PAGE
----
This article was originally published in Money, Inc.

The symptoms started with a few pounds on the scale in just a couple of weeks. A few pounds on a  person my size is noticeable, and I could feel it. My sleep was horrible, and I was having nightmares. Then, my heart rate started rising. And rising. At rest, my average heart rate is 52. After meditating for 10 minutes, it would be in the 80s. Sometimes while working, it would jump to 130, just standing there at my desk. There wasn’t any explanation for it. I would get super tired and have to go to bed. The last straw was when my overactive bladder issues came back (yes folks, even young healthy women have this) and I was going to the bathroom 12-18 times a day. I knew it had to be a stress-related nerve/brain issue because I’d been tested several years ago.

I emailed my doctor and told her something was up. I am very aware of my body, track my macronutrients, heart rate variability, and had even posted this article because I was getting paranoid that my Hashimoto’s Disease was acting up, or worse, I was getting another autoimmune disease. I had labs drawn, and they were stellar. My EKG came back normal. I cut my fluids to 30 ounces, and it didn’t change anything. I wasn’t sleeping well and felt anxious. Nothing I was doing seemed to be helping. It took an unexpected crying session for me to make the connection.

Low Information Diet

I expose myself to very little news intentionally. Just three minutes of negative press in the morning affects happiness levels 6-8 hours later. I listen to the New York Times The Daily podcast every morning and NPR in the car during my short trips around town. I hardly read any news on social media and feel like I stay up to date enough on my low-information diet.

But the Kavanaugh hearings were inescapable.

Every morning while I was running or making my breakfast, The Daily would have a 20-minute recap. The morning I heard Dr. Blasey Ford speak about the thing she remembered the most, the maniacal laughter during her attack, stopped me in my tracks on the greenway. I felt claustrophobic and couldn’t breathe. I felt her pain because that’s what I remembered too. I remember the laughter of the two boys holding me down in 5th grade and the smile on the face of the male teacher who watched the entire thing. I remember the incessant taunts of the boys in junior high and high school, commenting about my (then) 36 DD breasts. I remembered the teenage boy on the DC metro in 2003, during rush hour, groping me while I was yelling at him to stop and no one came to help me. Most of all, I remember his laughter. It was the most chilling and haunting sound I’ve ever heard.

A couple of days later I was explaining to my husband how terrible I felt that people were making fun of her and discounting her testimony because I also could remember the laughter and I started crying. This was totally unexpected. I thought I was over the incident. I thought I was no longer bothered by it and had overcome it.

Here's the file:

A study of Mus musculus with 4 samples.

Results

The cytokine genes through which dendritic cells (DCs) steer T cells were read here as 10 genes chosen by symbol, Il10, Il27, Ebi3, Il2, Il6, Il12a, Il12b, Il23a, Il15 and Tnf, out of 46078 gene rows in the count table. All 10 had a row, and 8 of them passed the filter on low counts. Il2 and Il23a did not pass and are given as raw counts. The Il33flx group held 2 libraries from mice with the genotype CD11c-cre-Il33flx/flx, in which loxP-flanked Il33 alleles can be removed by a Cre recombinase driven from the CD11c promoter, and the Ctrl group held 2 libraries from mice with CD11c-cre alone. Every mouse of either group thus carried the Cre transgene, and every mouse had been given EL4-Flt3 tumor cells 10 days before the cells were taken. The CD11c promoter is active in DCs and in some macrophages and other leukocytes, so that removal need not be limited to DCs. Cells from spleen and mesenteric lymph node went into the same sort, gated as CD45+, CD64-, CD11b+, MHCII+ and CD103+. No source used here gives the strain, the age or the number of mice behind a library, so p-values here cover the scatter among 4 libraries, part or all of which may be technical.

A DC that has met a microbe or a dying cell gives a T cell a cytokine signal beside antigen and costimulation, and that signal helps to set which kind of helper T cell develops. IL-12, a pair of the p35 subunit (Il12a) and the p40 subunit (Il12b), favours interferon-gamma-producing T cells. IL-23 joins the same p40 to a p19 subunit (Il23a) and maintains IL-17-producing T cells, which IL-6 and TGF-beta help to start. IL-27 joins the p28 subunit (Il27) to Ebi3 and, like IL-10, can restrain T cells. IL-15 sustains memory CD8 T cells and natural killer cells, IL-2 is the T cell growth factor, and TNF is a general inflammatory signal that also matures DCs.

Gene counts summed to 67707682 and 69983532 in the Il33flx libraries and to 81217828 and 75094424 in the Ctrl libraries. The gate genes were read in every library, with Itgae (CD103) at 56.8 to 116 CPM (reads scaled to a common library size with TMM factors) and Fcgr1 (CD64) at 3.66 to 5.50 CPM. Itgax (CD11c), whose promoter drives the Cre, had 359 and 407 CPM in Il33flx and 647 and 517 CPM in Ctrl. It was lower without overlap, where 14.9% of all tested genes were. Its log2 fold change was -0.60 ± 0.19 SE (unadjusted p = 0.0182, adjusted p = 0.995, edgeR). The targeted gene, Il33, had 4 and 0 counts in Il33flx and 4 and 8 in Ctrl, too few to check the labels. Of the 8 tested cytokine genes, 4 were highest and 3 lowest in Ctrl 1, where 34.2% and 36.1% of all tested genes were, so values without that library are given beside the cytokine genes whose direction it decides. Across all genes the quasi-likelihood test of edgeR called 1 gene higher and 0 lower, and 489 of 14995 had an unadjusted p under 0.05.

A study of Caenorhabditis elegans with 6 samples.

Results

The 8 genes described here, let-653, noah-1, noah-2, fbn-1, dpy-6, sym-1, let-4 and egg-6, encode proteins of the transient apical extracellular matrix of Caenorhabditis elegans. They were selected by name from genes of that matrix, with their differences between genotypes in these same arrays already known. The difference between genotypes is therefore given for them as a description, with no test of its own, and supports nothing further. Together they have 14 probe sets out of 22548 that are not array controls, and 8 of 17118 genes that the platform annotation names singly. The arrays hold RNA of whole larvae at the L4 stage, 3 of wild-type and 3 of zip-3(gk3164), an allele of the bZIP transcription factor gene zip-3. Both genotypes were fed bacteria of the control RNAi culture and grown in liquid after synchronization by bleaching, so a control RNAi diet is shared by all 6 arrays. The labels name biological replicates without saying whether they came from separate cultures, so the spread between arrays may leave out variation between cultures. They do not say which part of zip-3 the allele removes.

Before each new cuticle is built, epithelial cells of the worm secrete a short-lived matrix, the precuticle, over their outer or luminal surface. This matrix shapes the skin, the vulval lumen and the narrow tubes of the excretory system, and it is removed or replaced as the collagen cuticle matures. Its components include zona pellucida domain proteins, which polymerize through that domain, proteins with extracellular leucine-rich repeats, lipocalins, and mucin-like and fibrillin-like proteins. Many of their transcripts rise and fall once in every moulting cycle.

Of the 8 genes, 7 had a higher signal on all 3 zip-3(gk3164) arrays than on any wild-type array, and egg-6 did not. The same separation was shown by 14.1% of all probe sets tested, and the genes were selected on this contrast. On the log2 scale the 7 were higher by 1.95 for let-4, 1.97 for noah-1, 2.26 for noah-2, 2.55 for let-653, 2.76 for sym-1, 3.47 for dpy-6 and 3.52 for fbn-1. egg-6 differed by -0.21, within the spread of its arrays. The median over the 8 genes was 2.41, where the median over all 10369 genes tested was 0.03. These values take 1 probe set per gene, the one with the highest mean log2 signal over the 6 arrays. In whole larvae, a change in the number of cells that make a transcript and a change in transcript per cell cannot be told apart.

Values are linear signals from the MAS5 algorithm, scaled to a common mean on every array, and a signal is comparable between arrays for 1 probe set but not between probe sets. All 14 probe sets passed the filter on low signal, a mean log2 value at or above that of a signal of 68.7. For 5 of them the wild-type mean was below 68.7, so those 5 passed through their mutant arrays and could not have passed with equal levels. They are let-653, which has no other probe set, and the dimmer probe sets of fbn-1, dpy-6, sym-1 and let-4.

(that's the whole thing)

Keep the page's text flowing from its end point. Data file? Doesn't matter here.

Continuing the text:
Mocking laughter

Fast forward to hearing it get even worse, not that the President mocked her (because I’ve come to expect that from him), but that the crowd laughed along with him. And when that crowd laughed at her, they laughed at me. I started feeling panicked. I stopped running on the greenway because I became anxious and scared. Those people laughing were the ones who didn’t help me on the metro. They were the ones turning their backs, except now they were laughing while doing it. I remember the exact moment when I had the aha that these symptoms were indeed real, but that I wasn’t sick, at least not in the conventional sense. I was listening to an interview with a woman who had gone to that rally and thought what he said was funny. She felt like Dr. Blasey Ford, and all the other #MeToo women should get over it. Her commentary was so ignorant, in the true sense of the word, I was dumbfounded. I could not control my emotions the previous few weeks. I was having symptoms to the point I thought I was sick. I was not seeking attention, nor was I out giving a rallying cry. Even after knowing this, I unexpectedly started crying in a coffee shop talking about the hearings with a friend.

Moving forward

Once I realized the connection, I was able to start feeling better. The news moved on to climate change, Saudi Arabia, and voting rights. I took a weekend trip to Asheville. Then I saw this video by Delta Rae and after doing the ugly cry, decided it would only make me feel better to write because unfortunately, this is not uncommon. This isn’t new and some of us can’t just ‘get over it’. This post is not a political statement. It’s a real-life story of how stress symptoms are real. So real that I thought I was sick. So real that I went to the doctor and convinced myself I was falling apart. So real that I know that taking care of myself means writing this blog post.

Most interesting? When this post was first published in Money Inc, and I reposted it on my social media channels, no one commented. NO ONE. I have never had a post in five years that there was not a single comment. It makes me sad. I don’t want sympathy, but I don’t want people to be afraid either.

 

The point to my post and your call to action? Don’t discount your feelings and the reaction it can have on your body. Don’t disregard your history and because there have been days, months or years since an incident that it doesn’t matter. And don’t be afraid to say #MeToo.